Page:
Who We Are
The Yakima Valley Conference of Governments: Governed by an Executive Committee of 6 local elected officials and 1 member at large, YVCOG is a membership organization that is funded by Federal, State, local resources, member dues, and professional service contracts. Founded in 1966, the YVCOG provides a forum for our members to address regional issues for 14 cities and Yakima County. We are a regional agency with the ability to conduct any activity that can be legally assigned or contracted to perform projects of mutual concern under the Interlocal Cooperation Act.
What We Do
YVCOG facilitates community development and orderly growth in the best interest of the public.
YVCOG provides a regional resource to perform projects and provide assistance to member jurisdictions. Yakima Valley Conference of Governments concerns itself with technical services to aid multi-jurisdictional programs in a manner that provides greater expertise and lower costs.
YVCOG fulfills two mandated Federal and State roles, including a Metropolitan Planning Organization, and Regional Transportation Planning Agency. All Cities, Counties, County Transportation Commissions and Federally-recognized Native American Tribes in the Region are eligible for membership on YVCOG’s Executive Committee.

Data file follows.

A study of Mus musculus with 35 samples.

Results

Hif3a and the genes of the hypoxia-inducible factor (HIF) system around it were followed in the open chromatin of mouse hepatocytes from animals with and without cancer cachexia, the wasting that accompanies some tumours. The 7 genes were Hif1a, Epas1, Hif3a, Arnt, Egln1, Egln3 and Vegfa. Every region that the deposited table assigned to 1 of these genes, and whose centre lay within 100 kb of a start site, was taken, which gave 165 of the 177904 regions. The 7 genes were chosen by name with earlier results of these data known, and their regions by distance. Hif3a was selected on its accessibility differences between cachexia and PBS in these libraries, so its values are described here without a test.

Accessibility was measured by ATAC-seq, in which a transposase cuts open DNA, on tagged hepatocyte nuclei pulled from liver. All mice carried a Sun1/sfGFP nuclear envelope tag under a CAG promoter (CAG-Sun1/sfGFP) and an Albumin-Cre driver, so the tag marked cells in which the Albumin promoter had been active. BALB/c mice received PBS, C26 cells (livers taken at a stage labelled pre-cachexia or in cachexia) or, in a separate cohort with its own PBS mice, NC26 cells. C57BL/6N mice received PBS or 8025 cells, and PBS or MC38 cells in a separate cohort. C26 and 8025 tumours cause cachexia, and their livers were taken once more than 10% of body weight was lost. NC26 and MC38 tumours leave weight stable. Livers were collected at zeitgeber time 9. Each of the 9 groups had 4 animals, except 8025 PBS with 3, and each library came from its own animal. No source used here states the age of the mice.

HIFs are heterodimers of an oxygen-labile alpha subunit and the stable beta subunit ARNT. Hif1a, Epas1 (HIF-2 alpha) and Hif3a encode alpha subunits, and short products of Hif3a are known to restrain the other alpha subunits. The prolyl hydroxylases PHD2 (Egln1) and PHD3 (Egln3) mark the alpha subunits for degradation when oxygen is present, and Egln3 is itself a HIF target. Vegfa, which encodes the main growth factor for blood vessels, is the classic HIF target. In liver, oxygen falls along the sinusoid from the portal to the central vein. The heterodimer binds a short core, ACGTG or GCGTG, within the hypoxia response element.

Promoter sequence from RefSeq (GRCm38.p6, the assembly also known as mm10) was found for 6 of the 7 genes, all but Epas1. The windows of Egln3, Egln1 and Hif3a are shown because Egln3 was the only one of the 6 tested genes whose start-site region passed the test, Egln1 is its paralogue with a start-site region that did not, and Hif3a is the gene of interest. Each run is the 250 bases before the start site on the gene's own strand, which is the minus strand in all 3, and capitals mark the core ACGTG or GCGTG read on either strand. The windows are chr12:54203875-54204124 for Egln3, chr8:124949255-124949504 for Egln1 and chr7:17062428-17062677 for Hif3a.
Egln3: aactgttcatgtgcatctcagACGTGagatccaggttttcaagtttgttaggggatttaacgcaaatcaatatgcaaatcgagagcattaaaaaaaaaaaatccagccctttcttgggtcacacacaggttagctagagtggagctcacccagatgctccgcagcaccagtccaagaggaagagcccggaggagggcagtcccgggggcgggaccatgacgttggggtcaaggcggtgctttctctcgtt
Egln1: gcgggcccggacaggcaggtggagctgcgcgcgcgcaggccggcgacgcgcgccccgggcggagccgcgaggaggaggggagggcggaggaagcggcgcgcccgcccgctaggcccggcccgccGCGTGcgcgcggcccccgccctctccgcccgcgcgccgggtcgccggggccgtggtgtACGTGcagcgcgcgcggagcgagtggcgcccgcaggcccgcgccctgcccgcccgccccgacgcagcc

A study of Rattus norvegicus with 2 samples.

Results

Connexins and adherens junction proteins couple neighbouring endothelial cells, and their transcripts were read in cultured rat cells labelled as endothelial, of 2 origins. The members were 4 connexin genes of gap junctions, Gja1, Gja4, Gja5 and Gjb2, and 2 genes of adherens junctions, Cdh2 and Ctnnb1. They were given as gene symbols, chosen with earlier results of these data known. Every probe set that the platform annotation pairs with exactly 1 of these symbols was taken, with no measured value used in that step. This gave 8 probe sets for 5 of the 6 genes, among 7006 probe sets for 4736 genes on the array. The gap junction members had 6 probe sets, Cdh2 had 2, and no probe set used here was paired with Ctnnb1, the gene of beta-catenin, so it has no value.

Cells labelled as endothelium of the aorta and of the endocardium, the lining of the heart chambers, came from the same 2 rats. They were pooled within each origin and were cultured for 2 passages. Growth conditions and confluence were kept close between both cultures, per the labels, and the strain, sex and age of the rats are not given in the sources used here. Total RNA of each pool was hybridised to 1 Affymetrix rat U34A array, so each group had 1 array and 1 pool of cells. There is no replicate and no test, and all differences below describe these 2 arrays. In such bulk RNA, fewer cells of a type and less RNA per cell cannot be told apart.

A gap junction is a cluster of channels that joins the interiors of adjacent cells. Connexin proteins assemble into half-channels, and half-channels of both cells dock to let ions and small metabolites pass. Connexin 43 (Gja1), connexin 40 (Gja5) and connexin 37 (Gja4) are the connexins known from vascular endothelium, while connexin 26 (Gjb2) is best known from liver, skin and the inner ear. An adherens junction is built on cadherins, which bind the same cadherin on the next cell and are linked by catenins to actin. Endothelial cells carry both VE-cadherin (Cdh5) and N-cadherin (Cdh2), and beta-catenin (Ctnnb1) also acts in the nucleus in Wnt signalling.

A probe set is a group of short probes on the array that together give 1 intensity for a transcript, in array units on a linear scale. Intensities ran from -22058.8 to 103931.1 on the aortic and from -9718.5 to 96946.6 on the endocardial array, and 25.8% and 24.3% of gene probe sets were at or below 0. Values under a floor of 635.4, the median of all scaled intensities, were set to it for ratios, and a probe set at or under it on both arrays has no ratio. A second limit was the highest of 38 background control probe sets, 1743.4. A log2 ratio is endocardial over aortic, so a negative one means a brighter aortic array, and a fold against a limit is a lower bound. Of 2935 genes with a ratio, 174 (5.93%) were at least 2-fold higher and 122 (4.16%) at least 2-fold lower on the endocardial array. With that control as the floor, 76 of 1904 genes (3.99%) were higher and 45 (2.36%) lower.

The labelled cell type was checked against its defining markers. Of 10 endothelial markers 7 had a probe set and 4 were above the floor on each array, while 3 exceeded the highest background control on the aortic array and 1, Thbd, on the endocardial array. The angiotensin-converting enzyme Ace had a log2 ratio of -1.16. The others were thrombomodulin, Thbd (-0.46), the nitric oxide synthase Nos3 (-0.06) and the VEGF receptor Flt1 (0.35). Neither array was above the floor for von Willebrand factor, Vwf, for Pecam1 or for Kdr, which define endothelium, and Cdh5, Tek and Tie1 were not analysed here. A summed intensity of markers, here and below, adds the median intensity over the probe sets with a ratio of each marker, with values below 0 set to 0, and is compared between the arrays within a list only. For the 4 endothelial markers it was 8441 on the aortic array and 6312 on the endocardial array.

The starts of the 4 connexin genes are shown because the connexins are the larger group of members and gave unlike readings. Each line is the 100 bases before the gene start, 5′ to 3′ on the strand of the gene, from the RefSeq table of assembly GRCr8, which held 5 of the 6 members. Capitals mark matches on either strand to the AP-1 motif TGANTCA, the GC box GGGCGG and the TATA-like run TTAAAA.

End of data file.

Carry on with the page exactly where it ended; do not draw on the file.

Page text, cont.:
Provide member jurisdictions a regional network for professional community planning, transportation, grant writing, GIS and facilitate coordinated efforts on matters of mutual concern.
Provide and assist collaboration for communities to optimize resources.
Convener, Catalyst and Resource
In 1966, the Yakima Valley Conference of Governments (YVCOG) was established by the valley’s community leaders. They saw the need to create a forum to address an ever growing list of regional concerns. This consortium has not only provided this forum, but now has grown to be a key player in the research for development of studies and plans needed to address these issues.
What is a Conference of Governments?
Many COGs throughout the country were formed in the 1960s and 1970s due to the emerging emphasis placed on long-term planning at the federal level, particularly in terms of transportation planning. Rather than a city by-city approach, COGs became the preferred interface. However, COGs are voluntary organizations and are not federally mandated, unlike Metropolitan Planning Organizations (MPOs).